Machine Learning and Optimization for Robotics

Pieter Abbeel
Assistant Professor, Department of Electrical Engineering and Computer Science, UC Berkeley

October 18, 2013, 3:30-4:30PM, NSH 1305


Robots are typically far less capable in autonomous mode than in tele-operated mode. I believe advances in machine learning and optimization have the potential to significantly narrow the gap between what's possible in tele-operation and what's possible autonomously. First, I will describe in depth "Apprenticeship learning," a new approach to equip robots with new skills through learning from ensembles of expert human demonstrations. Our initial work in apprenticeship learning enabled the most advanced helicopter aerobatics to-date, including maneuvers such as chaos, tic-tocs, and auto-rotation landings which only exceptional expert human pilots can fly. Our most recent work in apprenticeship learning is inspired by challenges in surgical robotics. We are studying how a robot could learn to perform challenging robotic manipulation tasks, such as knot-tying. Next, I will describe our recent advances in optimization based planning --- both in state space and in belief space. Finally, I will briefly discuss our recent work on enabling robots to learn on their own through non-parametric model-based reinforcement learning.


Additional Information

Host: Drew Bagnell

Appointments: Stephanie Matvey (smatvey@cs.cmu.edu)

Speaker Biography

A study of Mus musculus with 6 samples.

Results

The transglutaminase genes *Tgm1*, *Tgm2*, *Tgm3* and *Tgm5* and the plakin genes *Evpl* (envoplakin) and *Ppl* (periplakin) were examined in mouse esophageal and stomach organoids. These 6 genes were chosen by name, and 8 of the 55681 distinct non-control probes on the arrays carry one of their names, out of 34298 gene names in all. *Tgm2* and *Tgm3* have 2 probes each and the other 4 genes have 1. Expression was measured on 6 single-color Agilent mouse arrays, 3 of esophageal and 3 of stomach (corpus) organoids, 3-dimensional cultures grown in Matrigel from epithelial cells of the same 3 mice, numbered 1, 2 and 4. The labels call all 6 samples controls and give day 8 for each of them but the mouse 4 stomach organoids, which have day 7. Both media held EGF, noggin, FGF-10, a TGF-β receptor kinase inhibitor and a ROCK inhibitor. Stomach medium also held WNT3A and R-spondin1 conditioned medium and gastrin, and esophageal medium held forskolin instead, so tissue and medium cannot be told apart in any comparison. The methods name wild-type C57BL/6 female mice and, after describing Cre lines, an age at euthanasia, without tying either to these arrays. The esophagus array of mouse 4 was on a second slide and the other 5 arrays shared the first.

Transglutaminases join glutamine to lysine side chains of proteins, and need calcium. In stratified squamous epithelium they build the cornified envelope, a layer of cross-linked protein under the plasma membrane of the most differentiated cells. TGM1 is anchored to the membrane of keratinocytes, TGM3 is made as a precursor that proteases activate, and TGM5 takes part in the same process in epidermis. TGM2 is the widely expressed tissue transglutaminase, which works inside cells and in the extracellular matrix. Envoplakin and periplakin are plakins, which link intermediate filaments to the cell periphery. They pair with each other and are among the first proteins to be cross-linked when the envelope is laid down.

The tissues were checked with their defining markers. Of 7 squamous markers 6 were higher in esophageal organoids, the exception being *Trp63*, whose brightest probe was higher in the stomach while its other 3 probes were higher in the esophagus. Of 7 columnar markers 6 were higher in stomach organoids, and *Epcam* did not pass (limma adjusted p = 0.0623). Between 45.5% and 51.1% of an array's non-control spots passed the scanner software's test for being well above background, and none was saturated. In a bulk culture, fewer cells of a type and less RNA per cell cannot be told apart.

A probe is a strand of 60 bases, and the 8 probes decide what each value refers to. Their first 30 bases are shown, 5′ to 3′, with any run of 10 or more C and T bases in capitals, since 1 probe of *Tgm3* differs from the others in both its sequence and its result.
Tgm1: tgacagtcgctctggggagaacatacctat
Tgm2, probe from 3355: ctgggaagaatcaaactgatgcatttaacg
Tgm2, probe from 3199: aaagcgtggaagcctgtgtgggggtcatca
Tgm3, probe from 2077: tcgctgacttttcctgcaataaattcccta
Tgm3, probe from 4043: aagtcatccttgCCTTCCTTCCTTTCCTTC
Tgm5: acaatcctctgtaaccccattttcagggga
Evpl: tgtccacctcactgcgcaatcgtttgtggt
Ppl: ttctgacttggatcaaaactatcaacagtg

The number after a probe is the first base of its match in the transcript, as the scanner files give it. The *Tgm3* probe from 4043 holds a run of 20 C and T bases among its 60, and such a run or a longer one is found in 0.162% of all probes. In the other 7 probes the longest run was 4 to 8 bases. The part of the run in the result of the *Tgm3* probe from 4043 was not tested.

Pieter Abbeel received a BS/MS in Electrical Engineering from KU Leuven (Belgium) and received his Ph.D. degree in Computer Science from Stanford University in 2008. He joined the faculty at UC Berkeley in Fall 2008, with an appointment in the Department of Electrical Engineering and Computer Sciences. He has won various awards, including best paper awards at ICML and ICRA, the Sloan Fellowship, the Air Force Office of Scientific Research Young Investigator Program (AFOSR-YIP) award, the Office of Naval Research Young Investigator Program (ONR-YIP) award, the DARPA Young Faculty Award (DARPA-YFA), the Okawa Foundation award, the TR35, the IEEE Robotics and Automation Society (RAS) Early Career Award, and the Dick Volz Best U.S. Ph.D. Thesis in Robotics and Automation Award. He has developed apprenticeship learning algorithms which have enabled advanced helicopter aerobatics, including maneuvers such as tic-tocs, chaos and auto-rotation, which only exceptional human pilots can perform. His group has also enabled the first end-to-end completion of reliably picking up a crumpled laundry article and folding it. His work has been featured in many popular press outlets, including BBC, New York Times, MIT Technology Review, Discovery Channel, SmartPlanet and Wired. His current research focuses on robotics and machine learning with a particular emphasis on challenges in personal robotics, surgical robotics and connectomics.